Dutch Lab Cold Drip Coffee Brewers
Two things I don't know are what Dutch coffee even is and how to make even a cup of regular old coffee in the regular old coffee maker in our staff kitchenette (in fact, an office-wide vote has forbidden me from touching it). But one thing I do know is I sure would like to have one of Dutch Lab's cold drip coffee brewers. Part masterpiece in culinary design, part possible fuel cell for Dutch Lab's new race of hairless cat cyborgs, these intricate brewers are some of the most showstopping kitchen gadgets I've ever seen.
Dutch or slow drip coffee uses gravity instead of electricity to percolate its grounds. The process is a long one and, like Dutch Lab's brewers, as much a work of art as a means of getting juiced up on caffeine. At their foundation these coffee machines consist of 3 flasks aligned vertically. The top one takes water, which trickles through a calibrated, user-controlled valve into the second tank, containing coffee grounds loosely packed beneath a small round filter. Once the dripping water passing through the first filter and grounds, it passes through a second filter on the bottom, and then through another valve. The flask at the bottom of the machine holds the finished brew, a nice drum of fresh coffee. That only took, like, 6 hours to make.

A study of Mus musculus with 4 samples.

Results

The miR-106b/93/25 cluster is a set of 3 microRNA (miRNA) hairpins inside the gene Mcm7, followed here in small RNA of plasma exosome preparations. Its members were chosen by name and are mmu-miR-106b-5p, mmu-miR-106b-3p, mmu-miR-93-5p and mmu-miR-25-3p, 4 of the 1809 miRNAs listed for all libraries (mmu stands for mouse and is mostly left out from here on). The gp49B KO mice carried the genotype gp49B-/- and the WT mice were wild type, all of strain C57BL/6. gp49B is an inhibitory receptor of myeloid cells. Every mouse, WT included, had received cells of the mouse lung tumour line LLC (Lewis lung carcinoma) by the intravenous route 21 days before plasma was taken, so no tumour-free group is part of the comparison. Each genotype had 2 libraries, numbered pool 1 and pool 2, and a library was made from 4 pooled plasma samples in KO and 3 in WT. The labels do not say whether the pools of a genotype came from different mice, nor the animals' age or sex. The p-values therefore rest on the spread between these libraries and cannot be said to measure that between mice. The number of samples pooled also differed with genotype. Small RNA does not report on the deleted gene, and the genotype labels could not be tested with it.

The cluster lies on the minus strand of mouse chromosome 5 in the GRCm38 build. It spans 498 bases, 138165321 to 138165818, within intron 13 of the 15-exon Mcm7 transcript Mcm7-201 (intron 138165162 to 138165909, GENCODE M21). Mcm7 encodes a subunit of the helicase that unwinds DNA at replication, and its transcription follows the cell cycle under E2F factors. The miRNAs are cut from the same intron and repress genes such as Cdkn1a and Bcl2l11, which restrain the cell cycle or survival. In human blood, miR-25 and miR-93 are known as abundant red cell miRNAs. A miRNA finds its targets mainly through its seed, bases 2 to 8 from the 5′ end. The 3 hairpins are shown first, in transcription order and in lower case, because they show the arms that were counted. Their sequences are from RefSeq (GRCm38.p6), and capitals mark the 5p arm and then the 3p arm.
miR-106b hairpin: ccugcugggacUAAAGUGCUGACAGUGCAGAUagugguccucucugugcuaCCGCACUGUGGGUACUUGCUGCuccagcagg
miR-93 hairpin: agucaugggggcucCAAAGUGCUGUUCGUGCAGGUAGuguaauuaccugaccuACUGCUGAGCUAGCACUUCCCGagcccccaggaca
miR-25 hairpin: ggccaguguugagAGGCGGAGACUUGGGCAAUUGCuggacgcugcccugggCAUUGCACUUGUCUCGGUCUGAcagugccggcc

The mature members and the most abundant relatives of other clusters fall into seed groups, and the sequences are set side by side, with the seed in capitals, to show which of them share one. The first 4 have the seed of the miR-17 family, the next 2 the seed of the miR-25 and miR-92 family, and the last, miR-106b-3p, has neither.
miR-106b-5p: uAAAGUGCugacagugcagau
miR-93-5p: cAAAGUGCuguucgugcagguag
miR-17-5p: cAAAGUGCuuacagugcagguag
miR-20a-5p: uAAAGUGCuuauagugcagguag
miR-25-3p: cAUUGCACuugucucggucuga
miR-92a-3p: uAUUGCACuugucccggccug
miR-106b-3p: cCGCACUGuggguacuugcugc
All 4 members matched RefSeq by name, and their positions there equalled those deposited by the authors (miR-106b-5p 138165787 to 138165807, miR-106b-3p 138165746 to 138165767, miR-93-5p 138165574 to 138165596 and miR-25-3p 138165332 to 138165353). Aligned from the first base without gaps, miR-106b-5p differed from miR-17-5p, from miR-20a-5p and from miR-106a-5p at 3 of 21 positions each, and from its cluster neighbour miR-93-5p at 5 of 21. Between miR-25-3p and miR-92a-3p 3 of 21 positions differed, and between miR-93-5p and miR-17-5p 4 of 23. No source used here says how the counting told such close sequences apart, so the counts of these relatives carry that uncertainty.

Seriously. Dutch Lab recommends that those who intend to use their machines for the practical purpose of making coffee in addition to the practical purpose of showing off their $5,000 steampunk coffee maker to friends begin the drip process before bed so it will be finished by morning/guzzling time.
Dutch Lab notes that Dutch coffee is much stronger than regular drip, and should be consumed or mixed with hot water/milk as you would espresso shots.
The cold drip coffee brewers come in over a dozen different designs and a fairly wide range of prices. Simple models start in the hundreds of dollars and look like ultra-modern chemists' gear, while more complex, architectural designs creep into the thousands, and look like models for apocalyptic movie sets. Or, in the case of Dutch Lab's King Kong and Star Wars brewers, models from cinematic classics.
Muchas danke to Manny for the Dude Product Tip.